PostPosted: Tue Jul 28, 2009 4:32 pm 

I loaded 2 dummy rounds (no primer or powder), trimmed cases using a Lee trimmer by hand.


The general consensus is overall it should be 2.810. Is there a minimum overall cartridge length? I can't find an answer anywhere online. I thought I was spot on with the cannelure on the right round. :? It seems to short though. I don't have my rifle with me to test it out.




The OAL of the cartridge changes depending on bullet type, weight and sometimes even the powder. You need to look at the reloading tables and find your bullet and powder it will give give you the starting and max loads. Sometimes you need more than one manual to cover all the calibers and combinations you have and never ever exceed the max loads listed in any of the manuals.

Initially you can spend a bit of money on figuring out what load your gun likes. The way I do that is I start out at the suggested starting grains load some cartridges usually 5 for a rifle and about 9 for a pistol then increase 1/10 of a grain up to like 1 or 2/10's below max. Then take them to the range and see how they do. Rinse and repeat till you find the one that works good for your gun.

On bolt rifles its better for the bullet to just touch the rifling when chambered.
Auto loaders you want to minimize the distance without going too long.
Some rifles have a gap before the rifling starts. (called free bore) Some times, SOME TIMES this will increase accuracy but general consensus is that its not good.
While your new to reloading, play it safe, follow the books!
If you have a bolt gun you can skip the full resizing and only size the neck and you can skip the crimp as well.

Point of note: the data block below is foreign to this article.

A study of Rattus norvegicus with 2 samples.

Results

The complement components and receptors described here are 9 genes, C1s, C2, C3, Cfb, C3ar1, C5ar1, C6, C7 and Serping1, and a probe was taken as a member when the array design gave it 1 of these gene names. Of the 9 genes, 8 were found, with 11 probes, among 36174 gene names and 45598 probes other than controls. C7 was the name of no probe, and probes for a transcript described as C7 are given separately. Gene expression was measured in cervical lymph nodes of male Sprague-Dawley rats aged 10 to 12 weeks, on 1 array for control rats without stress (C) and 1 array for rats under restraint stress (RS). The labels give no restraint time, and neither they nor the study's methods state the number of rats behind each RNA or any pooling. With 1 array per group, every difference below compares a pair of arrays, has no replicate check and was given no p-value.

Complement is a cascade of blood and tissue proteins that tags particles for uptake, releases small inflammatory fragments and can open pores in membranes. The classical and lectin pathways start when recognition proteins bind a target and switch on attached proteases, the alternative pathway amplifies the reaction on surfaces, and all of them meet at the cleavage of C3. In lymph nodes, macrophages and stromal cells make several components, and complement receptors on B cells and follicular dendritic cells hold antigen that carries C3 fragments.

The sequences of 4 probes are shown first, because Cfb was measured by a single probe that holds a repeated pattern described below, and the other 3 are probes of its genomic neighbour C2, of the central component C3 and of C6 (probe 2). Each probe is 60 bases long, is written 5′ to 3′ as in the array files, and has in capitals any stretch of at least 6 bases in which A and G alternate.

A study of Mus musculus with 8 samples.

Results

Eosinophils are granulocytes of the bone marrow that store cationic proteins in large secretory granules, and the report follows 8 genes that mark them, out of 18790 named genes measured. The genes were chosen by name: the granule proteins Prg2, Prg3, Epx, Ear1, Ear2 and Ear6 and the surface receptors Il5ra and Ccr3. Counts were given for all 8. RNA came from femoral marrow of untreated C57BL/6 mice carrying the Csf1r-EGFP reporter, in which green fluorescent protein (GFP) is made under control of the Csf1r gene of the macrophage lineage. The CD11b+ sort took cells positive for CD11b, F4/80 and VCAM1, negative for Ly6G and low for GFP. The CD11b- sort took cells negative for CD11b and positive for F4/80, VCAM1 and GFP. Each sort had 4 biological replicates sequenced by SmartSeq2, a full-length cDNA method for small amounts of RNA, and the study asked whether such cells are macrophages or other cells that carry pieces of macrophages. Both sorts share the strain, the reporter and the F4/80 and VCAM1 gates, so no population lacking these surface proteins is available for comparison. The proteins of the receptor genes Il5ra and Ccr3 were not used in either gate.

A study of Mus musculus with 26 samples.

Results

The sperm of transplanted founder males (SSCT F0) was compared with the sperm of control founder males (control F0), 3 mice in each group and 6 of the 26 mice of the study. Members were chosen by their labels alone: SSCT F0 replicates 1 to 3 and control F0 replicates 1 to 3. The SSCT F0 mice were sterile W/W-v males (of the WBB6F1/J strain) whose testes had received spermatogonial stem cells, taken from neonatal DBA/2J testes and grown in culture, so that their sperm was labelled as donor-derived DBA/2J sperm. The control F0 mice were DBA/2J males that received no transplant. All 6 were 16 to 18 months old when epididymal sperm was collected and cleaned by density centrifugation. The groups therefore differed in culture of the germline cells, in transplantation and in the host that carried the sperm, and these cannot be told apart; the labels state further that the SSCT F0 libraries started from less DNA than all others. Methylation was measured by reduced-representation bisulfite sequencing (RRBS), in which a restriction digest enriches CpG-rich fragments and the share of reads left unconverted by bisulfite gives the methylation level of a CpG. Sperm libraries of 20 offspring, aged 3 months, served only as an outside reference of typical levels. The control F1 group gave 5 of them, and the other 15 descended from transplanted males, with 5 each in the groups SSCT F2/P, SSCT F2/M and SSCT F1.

Everything affects accuracy, some positivly others negatively, so record everything and experiment until you find some loads you like. Have fun and be safe!


The reason you won't find the minimum OAL (overall length) for .308, or any other round for that matter, is because the OAL varies within the same round by powder type and bullet weight. That's why you need a load book. .

What Erik says:
You need a reloading manual or two for the reasons listed above.

and you can skip the crimp as well.

No. Recoil may shake the bullets out of position. It mostly happens with powerful calibers in light weapons (Ruger LCR people: let rip 5 rounds of +p, while having an uncrimped cartridge in the sixth chamber, then look at it and compare it to an unabused one).

Always crimp that shit, unless your gun is a single-shot. It won't affect accuracy negatively unless you have a straight-wall nonbelted cartridge, since these headspace on the case mouth, but it's free, and makes your shots more consistent due to less variation in bullet position and thus free flight and powder burn rates.

Necrodamus wrote:
and you can skip the crimp as well.

No. Recoil may shake the bullets out of position. It mostly happens with powerful calibers in light weapons (Ruger LCR people: let rip 5 rounds of +p, while having an uncrimped cartridge in the sixth chamber, then look at it and compare it to an unabused one).

Always crimp that shit, unless your gun is a single-shot. It won't affect accuracy negatively unless you have a straight-wall nonbelted cartridge, since these headspace on the case mouth, but it's free, and makes your shots more consistent due to less variation in bullet position and thus free flight and powder burn rates.


Wrong. If this is going in a bolt-action there is no need to crimp. I personally wouldn't crimp for a semi-auto, but I don't argue much on that one. I reload several calibers from .17 Rem to .338 Win Mag, the only thing I crimp is near max .45 colt loads.

To the OP, there is a TON of 308 reloading data online.